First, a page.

Break convention, learn actively to make classes your own

As classes begin and the flow of school starts, it's easy to re-establish a pattern of traditional learning. In such a framework, the professor is the dictator and the students are assumed to be absentmindedly absorbing knowledge in the classroom. Before this routine becomes agreed upon, it may be important to consider what the classroom could be like if a reexamination was made and there was an attempt to redefine the academic experience. There is definite potential at the college level to work with the other students along with the professor to establish a more inclusive and cohesive learning experience.

In my women's studies class we were assigned a reading by bell hooks entitled "Building a Teaching Community." The article uses the study of pedagogy to examine how classrooms can become active and engaging learning spaces. Pedagogy is considered to be the art or essence of teaching which wholeheartedly rejects the philosophy of indoctrination: the idea that students and professors have distinct and unchanging roles as indifferent consumers and authoritative experts, respectively. This philosophy not only represses change and dynamism in the classroom but also encourages tedious and uninspiring lessons.

In order to combat this view of learning, hooks argues for a connection between academic work and personal experience. She warns against the mind-body split in the classroom, which suggests that the mind and experience is a separate entity from the physical body. It is important to connect personal experiences and identities that may include upbringing, sexual orientation, gender, ethnicity and culture from one's role as a student or professor. If students and professors acknowledge that individuals in the classroom know both themselves and their experiences and recognize that they can bring them to table, everyone will be more open and approachable.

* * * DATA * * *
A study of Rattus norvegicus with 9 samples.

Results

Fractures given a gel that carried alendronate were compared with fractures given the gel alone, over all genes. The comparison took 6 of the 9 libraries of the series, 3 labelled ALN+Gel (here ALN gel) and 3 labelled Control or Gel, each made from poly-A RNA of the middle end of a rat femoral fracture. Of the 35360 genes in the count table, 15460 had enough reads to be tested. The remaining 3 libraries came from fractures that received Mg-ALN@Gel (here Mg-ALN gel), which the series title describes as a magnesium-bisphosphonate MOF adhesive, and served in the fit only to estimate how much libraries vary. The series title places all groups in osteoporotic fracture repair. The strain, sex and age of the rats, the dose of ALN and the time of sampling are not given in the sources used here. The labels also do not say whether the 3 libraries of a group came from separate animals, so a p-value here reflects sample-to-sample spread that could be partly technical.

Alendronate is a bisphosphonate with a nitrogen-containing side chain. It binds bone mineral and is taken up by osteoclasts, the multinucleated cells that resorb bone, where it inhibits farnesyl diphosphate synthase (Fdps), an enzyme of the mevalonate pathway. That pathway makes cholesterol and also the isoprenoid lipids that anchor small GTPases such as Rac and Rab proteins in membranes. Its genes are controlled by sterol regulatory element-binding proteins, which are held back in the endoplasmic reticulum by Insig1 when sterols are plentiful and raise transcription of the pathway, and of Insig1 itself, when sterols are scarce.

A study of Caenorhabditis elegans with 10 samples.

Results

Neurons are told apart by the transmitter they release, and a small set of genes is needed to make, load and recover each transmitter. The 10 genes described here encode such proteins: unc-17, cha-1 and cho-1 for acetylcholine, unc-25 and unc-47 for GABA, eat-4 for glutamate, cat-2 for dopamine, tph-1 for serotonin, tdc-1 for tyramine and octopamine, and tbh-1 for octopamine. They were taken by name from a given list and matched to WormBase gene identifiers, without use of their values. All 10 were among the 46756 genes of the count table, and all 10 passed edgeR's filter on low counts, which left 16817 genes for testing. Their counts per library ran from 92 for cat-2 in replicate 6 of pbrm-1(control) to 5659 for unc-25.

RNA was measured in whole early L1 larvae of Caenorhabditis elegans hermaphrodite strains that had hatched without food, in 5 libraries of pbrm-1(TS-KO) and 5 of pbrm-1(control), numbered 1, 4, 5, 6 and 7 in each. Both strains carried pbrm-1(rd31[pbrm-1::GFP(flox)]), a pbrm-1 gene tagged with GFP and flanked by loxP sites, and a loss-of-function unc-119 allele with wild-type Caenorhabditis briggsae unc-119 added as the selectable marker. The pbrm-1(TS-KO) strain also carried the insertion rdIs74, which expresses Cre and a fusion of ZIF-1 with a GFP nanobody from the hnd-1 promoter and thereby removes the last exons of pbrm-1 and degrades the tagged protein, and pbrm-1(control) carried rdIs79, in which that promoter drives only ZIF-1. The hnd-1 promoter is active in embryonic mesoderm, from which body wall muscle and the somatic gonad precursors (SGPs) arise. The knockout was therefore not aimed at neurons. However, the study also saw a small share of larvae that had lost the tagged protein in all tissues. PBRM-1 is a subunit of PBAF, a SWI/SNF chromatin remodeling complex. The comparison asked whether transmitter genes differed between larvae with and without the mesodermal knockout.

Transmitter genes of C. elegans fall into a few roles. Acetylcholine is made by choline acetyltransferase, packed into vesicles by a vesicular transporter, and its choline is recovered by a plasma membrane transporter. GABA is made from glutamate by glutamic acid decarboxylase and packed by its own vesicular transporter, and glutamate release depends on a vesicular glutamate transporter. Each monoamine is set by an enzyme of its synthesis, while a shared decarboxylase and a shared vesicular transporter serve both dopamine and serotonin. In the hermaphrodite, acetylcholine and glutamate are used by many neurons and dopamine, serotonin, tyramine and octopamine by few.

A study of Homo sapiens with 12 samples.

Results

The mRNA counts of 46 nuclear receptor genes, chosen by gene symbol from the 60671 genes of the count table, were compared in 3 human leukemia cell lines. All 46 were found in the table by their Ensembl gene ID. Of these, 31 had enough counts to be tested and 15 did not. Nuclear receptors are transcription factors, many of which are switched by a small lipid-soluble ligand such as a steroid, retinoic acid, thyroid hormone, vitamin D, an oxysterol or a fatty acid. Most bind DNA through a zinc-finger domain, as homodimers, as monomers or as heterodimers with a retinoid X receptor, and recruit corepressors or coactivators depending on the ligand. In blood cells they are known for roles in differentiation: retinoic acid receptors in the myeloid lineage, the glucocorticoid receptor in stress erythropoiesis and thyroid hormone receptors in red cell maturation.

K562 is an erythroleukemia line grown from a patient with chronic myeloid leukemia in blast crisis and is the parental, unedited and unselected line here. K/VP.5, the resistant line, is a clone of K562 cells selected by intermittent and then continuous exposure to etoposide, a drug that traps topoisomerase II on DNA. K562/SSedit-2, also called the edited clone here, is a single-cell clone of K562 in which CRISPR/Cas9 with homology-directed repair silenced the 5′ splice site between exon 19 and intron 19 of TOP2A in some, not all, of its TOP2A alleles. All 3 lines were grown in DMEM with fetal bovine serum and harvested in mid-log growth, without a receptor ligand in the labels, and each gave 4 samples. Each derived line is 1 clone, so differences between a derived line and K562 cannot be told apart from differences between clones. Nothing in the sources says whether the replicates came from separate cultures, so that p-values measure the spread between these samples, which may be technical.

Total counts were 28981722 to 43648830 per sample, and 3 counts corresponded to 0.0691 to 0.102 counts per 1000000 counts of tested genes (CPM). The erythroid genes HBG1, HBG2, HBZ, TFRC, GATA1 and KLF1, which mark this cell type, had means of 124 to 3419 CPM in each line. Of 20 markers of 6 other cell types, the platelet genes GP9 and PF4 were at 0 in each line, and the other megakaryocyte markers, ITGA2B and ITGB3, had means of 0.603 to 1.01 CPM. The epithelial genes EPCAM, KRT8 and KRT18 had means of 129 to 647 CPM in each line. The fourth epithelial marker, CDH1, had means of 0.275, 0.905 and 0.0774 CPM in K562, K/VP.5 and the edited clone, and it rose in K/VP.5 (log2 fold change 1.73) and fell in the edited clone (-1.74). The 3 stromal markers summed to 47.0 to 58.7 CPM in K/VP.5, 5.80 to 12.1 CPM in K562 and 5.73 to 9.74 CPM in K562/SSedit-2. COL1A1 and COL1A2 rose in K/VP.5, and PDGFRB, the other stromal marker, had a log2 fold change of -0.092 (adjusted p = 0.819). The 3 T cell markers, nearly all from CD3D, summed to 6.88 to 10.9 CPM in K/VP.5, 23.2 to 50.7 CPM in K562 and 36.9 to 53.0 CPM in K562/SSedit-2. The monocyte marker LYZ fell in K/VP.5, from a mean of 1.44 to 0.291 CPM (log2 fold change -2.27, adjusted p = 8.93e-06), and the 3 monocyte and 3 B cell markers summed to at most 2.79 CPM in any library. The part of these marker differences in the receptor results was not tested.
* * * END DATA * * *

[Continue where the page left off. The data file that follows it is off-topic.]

Contemporary educators argue that the emphasis today on memorization and standardized test scores severely detract from a classroom experience that may include a more emotion and discussion based experience. Professors must be willing to give up some of their power: instead of simply relaying information to students so that they will score high on tests, they must evaluate the class as academically stimulating. Many people still assume that if a class is entertaining and students are engaged, that the class is an easy A and doesn't need to be taken as seriously. Instead, it is the most engaging classrooms that are the most memorable and most valuable.

After the first week of classes most students have probably gotten a chance to feel out what their classroom experiences will be like. If there is discomfort with the ways in which the classroom is organized or if power roles already seem too rigid, action must be taken. Students attending college have the potential for much more freedom and input in regards to their needs and desires. Even simple changes such as organizing the seats in a circle to promote engaged discussion may positively affect the learning experience. If professors are unwilling to make changes, students can always get the most out of their education by actively engaging in subject matter and sharing personal experiences that may relate to the material. Hopefully, other students will recognize the initiative and follow suit.